Microsoft Corp. agreed Wednesday to pay Iowans up to $180 million to settle a class-action lawsuit that claimed the company had a monopoly that cost the state's citizens millions of dollars extra for software products.

The $179.5 million settlement means individuals in Iowa who bought certain Microsoft products between 1994 and 2006 will be eligible for cash. Companies with multiple copies can seek vouchers that will enable them to buy computer equipment and software. The amount that can be claimed will depend on which product and how many copies were purchased during the 12-year period.

For each copy of Microsoft Windows or MS-DOS, customers can claim $16 per copy, Microsoft Excel is worth $25 a copy and Microsoft Office, $29 a copy.

For Word, Works and Home Essential software, consumers can claim $10 a copy, according to the agreement.

No proof of purchase will be required for online claims of up to $100 or for mail claims of up to $200. Claimants will be required to sign a legal document saying their claim is accurate. Lying can bring a charge of perjury.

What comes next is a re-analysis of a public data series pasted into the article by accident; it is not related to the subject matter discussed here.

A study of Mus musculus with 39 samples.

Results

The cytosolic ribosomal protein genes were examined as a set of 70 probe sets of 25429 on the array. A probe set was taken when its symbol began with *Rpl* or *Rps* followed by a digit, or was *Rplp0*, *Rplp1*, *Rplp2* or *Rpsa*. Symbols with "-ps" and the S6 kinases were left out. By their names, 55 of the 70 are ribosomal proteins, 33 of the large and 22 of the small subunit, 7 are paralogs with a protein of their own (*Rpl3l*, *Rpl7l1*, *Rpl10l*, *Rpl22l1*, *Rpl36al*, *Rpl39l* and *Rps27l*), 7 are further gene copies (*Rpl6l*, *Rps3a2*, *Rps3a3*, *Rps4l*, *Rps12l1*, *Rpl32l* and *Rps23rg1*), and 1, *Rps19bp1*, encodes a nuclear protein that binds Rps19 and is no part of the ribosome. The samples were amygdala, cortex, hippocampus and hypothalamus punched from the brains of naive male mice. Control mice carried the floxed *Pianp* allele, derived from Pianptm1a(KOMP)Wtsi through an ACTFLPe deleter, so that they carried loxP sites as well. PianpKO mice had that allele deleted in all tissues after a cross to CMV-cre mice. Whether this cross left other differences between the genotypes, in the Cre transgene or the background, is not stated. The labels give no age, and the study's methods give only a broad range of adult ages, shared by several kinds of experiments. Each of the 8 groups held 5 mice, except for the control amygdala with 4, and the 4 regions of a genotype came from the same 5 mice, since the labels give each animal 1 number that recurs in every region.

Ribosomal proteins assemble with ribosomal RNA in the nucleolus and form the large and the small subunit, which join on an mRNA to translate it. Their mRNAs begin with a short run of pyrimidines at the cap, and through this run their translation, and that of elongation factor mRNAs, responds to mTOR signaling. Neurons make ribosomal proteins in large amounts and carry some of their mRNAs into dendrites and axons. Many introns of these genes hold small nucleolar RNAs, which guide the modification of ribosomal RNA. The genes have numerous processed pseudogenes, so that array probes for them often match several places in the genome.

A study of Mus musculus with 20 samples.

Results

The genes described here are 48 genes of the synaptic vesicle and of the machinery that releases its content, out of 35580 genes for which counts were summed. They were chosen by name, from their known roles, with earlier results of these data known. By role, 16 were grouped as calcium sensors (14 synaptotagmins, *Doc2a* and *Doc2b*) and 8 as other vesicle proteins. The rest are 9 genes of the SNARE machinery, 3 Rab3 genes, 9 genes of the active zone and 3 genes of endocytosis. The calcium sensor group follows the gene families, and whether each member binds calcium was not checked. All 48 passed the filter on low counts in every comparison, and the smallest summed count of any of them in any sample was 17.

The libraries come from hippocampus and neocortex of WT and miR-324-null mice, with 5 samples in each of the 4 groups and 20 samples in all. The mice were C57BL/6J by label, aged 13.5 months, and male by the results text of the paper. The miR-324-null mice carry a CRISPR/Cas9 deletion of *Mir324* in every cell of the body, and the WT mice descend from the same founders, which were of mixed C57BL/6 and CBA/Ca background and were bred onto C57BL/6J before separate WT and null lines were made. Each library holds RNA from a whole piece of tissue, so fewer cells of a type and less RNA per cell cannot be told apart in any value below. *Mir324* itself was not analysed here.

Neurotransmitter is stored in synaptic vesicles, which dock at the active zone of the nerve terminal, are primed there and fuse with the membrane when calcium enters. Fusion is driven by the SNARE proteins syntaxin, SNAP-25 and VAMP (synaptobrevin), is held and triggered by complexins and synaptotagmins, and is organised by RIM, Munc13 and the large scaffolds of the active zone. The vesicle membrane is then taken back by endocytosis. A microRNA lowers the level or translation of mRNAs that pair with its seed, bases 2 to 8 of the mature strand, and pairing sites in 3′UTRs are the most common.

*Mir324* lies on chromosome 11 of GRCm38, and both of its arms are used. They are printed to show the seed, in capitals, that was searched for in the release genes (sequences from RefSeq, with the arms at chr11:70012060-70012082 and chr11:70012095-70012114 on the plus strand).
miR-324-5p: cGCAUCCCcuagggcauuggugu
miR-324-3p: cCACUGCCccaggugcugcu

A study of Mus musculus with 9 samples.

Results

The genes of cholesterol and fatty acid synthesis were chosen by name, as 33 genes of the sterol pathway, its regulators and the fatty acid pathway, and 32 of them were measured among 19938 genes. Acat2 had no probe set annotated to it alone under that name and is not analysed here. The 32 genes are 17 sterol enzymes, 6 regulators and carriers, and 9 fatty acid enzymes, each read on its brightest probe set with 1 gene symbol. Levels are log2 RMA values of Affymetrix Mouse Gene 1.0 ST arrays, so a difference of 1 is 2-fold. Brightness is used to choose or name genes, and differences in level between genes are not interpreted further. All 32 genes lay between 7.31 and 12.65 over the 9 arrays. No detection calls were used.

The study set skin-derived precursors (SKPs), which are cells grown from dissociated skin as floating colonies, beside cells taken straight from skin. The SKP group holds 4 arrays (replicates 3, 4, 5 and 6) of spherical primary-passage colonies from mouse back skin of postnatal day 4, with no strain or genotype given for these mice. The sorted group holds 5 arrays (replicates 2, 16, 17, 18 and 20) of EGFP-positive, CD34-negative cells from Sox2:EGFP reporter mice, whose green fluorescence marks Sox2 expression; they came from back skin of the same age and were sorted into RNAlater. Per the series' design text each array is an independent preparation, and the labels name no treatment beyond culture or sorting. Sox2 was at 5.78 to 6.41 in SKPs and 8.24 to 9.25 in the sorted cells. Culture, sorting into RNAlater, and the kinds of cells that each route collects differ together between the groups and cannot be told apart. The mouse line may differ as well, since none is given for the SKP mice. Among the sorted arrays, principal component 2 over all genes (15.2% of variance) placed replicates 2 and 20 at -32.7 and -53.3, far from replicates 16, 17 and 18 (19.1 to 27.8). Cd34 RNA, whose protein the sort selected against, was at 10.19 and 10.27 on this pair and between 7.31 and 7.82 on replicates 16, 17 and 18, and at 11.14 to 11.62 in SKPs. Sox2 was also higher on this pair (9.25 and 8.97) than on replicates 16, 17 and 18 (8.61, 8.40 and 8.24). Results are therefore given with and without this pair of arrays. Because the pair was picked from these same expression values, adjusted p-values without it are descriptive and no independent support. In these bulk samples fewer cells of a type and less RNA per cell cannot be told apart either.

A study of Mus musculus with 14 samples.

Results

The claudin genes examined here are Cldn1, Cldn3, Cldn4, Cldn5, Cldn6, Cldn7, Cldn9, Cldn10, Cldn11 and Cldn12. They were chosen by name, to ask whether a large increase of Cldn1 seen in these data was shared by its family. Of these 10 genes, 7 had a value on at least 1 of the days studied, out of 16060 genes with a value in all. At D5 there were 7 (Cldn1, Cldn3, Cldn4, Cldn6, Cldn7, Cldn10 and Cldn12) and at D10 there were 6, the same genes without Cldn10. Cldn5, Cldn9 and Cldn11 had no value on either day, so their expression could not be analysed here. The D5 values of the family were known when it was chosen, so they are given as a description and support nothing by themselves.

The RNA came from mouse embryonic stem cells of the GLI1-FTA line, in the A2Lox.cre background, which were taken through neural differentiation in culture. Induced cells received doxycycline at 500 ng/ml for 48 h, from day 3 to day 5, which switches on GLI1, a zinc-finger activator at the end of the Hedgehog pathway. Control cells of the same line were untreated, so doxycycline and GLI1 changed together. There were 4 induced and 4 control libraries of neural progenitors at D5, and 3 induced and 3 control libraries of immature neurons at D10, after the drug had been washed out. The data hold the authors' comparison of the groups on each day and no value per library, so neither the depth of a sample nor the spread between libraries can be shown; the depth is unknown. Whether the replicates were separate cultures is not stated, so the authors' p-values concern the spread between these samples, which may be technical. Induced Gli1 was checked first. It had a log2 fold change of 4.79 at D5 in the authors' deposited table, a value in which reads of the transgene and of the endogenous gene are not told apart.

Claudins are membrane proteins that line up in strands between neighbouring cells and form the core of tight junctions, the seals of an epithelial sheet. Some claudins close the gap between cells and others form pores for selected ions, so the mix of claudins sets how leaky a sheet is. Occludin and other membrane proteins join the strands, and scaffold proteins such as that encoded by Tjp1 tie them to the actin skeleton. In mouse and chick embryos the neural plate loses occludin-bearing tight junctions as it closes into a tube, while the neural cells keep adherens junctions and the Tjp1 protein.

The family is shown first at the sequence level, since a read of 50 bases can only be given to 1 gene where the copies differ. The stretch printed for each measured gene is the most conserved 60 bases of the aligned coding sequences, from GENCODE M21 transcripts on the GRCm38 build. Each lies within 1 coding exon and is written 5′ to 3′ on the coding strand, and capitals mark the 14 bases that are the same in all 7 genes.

Attorneys Roxanne Conlin, of Des Moines, and Rich Hagstrom of Zelle, Hofmann, Voelbel, Mason & Gette LLP of Minneapolis, filed the Iowa lawsuit in 2000. The case has been in litigation since and has gone to the Iowa Supreme Court three times for various legal issues.

The lawsuit claimed Microsoft engaged in illegal monopolization and anticompetitive conduct between 1994 and 2006 that caused customers to pay more for software than they would have if there had been competition.